War veterans, widows being abused
By Prince Ndlovu
The savage mauling that Vice President Joice Mujuru is receiving at the hands of First Lady Grace Mugabe and her Zanu PF faction is raising fresh debate about Zimbabwe’s poor treatment of veterans of the liberation war, their widows and families.
No one can dispute, for example, the fact that the late decorated liberation war hero, Solomon Mujuru — just like tens of thousands of other lesser known heroes and heroines — played a vitally important role in Zimbabwe’s tortuous road to majority rule in April 1980.
And so did his widow Joice Mujuru — a decorated liberation war heroine in her own right.
It is also a fact that many of these liberation heroes and heroines paid the ultimate sacrifice, with their lives, for the political freedom that Zimbabweans now enjoy. And while some came back from the war alive, they didn’t live long to enjoy the fruits of their sacrifices and died soon after.
As if all this is not bad enough, the sad reality is that even for those who are still with us, the majority of them live desperate lives — dirty poor and unappreciated by the very society for which they were willing to sacrifice everything. They have no housing, adequate pensions, medical aid and educational support for their families.
The situation is even worse for the families and widows of those heroes who have departed, such as Joice Mujuru, who today stands accused of treason, corruption, extortion, selling out, fanning factionalism in Zanu PF and gross incompetence, among a litany of malicious allegations vomited about with reckless abandon by people who have no clue whatsoever what it means to sacrifice for others.
This begs the question of whether it was a crime that our war veterans sacrificed their lives for the nation.
This question is pertinent 34 years into Zimbabwe’s independence because although our war veterans gave us their best, including their lives in some cases, it is becoming increasingly clear that their work is not fully appreciated even by their former comrades in the struggle, who should know better.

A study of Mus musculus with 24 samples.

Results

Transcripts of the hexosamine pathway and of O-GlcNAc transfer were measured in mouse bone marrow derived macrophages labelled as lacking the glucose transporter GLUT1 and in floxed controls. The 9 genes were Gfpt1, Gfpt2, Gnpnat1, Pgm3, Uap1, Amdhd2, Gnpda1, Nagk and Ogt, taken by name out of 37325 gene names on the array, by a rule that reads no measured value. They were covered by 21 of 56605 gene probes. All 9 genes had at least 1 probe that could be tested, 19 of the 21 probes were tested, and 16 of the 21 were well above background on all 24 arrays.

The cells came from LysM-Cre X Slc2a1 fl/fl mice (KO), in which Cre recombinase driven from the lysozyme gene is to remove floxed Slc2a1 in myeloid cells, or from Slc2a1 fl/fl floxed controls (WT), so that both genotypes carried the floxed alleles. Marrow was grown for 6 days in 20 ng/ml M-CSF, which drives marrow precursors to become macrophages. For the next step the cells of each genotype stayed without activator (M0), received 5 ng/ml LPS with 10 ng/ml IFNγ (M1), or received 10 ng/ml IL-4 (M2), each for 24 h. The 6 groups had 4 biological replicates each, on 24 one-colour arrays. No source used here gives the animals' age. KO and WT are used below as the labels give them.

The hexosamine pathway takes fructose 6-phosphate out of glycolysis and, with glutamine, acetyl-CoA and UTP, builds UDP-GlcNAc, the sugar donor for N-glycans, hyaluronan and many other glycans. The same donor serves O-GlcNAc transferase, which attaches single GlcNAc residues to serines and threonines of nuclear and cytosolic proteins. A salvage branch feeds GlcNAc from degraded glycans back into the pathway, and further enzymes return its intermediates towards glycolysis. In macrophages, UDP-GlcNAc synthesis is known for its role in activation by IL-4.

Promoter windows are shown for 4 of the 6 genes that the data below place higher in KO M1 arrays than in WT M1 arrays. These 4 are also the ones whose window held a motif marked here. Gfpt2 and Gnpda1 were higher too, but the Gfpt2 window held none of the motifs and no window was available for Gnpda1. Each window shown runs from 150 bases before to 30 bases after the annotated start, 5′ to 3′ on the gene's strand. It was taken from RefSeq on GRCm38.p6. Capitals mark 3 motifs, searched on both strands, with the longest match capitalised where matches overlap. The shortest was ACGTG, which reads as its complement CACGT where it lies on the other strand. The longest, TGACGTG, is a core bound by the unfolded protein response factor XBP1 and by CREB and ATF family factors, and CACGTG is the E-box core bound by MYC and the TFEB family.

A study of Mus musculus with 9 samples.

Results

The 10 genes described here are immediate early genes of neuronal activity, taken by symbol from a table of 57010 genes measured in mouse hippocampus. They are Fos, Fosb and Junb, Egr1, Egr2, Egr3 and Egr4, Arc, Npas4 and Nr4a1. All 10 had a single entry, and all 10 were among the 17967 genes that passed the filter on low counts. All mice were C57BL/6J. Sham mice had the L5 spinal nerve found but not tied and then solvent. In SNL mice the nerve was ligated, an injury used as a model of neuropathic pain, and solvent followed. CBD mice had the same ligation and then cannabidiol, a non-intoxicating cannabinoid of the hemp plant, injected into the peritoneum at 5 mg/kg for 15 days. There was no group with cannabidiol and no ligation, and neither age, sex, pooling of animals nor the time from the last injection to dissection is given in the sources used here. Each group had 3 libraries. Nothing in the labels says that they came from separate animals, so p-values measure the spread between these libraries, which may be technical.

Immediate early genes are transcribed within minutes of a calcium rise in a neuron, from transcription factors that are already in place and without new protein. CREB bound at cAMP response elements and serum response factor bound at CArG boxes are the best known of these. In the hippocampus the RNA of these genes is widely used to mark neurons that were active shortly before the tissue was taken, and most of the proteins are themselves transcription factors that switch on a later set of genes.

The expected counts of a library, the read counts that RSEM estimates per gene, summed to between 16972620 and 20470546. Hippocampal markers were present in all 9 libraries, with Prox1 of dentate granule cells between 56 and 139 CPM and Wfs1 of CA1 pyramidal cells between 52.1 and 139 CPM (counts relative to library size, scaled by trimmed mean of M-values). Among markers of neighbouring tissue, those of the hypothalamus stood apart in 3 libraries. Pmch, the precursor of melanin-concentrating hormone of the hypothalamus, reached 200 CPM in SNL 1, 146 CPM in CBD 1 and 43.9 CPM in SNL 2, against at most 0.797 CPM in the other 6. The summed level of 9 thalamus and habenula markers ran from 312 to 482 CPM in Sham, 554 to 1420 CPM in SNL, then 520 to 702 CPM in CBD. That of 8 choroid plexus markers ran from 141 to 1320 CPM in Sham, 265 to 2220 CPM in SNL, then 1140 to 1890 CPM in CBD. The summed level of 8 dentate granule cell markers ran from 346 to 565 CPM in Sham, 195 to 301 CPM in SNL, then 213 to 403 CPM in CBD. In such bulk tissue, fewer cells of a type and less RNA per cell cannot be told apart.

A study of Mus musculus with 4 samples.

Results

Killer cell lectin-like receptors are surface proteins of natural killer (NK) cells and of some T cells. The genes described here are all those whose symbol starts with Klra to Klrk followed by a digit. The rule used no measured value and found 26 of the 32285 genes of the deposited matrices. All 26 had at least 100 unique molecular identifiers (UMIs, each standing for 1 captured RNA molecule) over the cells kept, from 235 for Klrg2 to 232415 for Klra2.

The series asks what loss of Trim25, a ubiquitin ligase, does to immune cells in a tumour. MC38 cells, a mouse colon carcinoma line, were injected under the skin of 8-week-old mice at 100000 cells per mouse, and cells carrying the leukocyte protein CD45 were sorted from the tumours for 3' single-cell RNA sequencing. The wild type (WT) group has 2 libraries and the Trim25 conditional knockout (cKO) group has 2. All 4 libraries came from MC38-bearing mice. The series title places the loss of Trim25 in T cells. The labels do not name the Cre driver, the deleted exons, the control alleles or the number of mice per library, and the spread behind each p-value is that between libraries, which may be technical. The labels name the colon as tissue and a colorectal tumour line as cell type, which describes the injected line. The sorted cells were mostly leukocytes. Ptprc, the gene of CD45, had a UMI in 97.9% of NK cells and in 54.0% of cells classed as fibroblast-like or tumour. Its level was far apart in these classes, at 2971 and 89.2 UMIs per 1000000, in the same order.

For me, how we care for those who risked everything for us is one of the most important tests of our nation’s soul and character. In that light, it is very sad to see that we are failing that test miserably as exemplified in our leaders’ treatment of Solomon Mujuru’s widow, Joice.
Indeed, one can also ask what General Mujuru would think and say if he were able to come back and be with us again, regarding the shameful treatment we have given his wife and other widows of our gallant sons who languish in shocking poverty while many of our leaders who did not participate in war live on caviar and champagne?
It surely stands to reason, although none of them ever demanded this, that with their war service and sacrifice came a promise of support for them and their families in an independent Zimbabwe. And that promise should include access to education, medical care and other benefits to help them and their families to make it in life.
The fact that our war veterans, their widows and families continue to struggle to get basic necessities like health care and housing is wholly unacceptable and a terrible indictment on the leadership of Zanu PF as a whole.
Let me remind our leaders that every single one of us owes our fallen heroes a profound debt of gratitude. Because every time we cast our votes or speak our minds without fear, it’s because they fought for our right to do that.
In addition, every chance we get to make a better life for ourselves and our families is possible only because these heroes and heroines fought for the possibility of making Zimbabwe a land of opportunity, where anyone can make it if they try — our current untenable problems notwithstanding.
So, as I conclude I ask again, what these veterans have done so wrong to deserve the shabby treatment that we are extending to them, their families and their widows?
And by failing to extend basic support and care to their very own champions like war veterans, to whom then does Zanu PF want to bestow the democracy dividend that these gallant men and women fought for?
In addition, if talk of betrayal is now the common order of the day in the party of liberation, who among the present leadership of the party can point a finger of blame with a clean conscience with respect to this “selling-out” when they themselves have sold out their very own veterans this shamefully?
As Zimbabweans watch with keen interest what promises to be a week of reckoning for the ruling party, as its politburo meets on Thursday to digest the First Lady’s unbecoming attacks on Mujuru, many citizens will be beseeching those who are busy scheming and plotting against their very own to reflect on what history will say about them.
Zimbabweans will also be imploring all of the “comrades” that remain hell-bent on destroying the works of the heroes of this country to stick to the delivery of the goals of the liberation war to our long-suffering nation.
In the case of some Cabinet ministers caught in despicable political schemes, this means taking seriously their solemn oath of shaping the success of our battered economy for the good of all Zimbabweans.
Lastly, let me also implore all Zimbabweans themselves to stand resolute in reminding those working day and night to usher in turbulence within our country’s borders that the blood that flowed from those heroes and heroines of our struggle is on their hands as they scheme and plot silly political games at the expense of the country.
The nation is watching!
*Prince Ndlovu is the son of a departed war hero.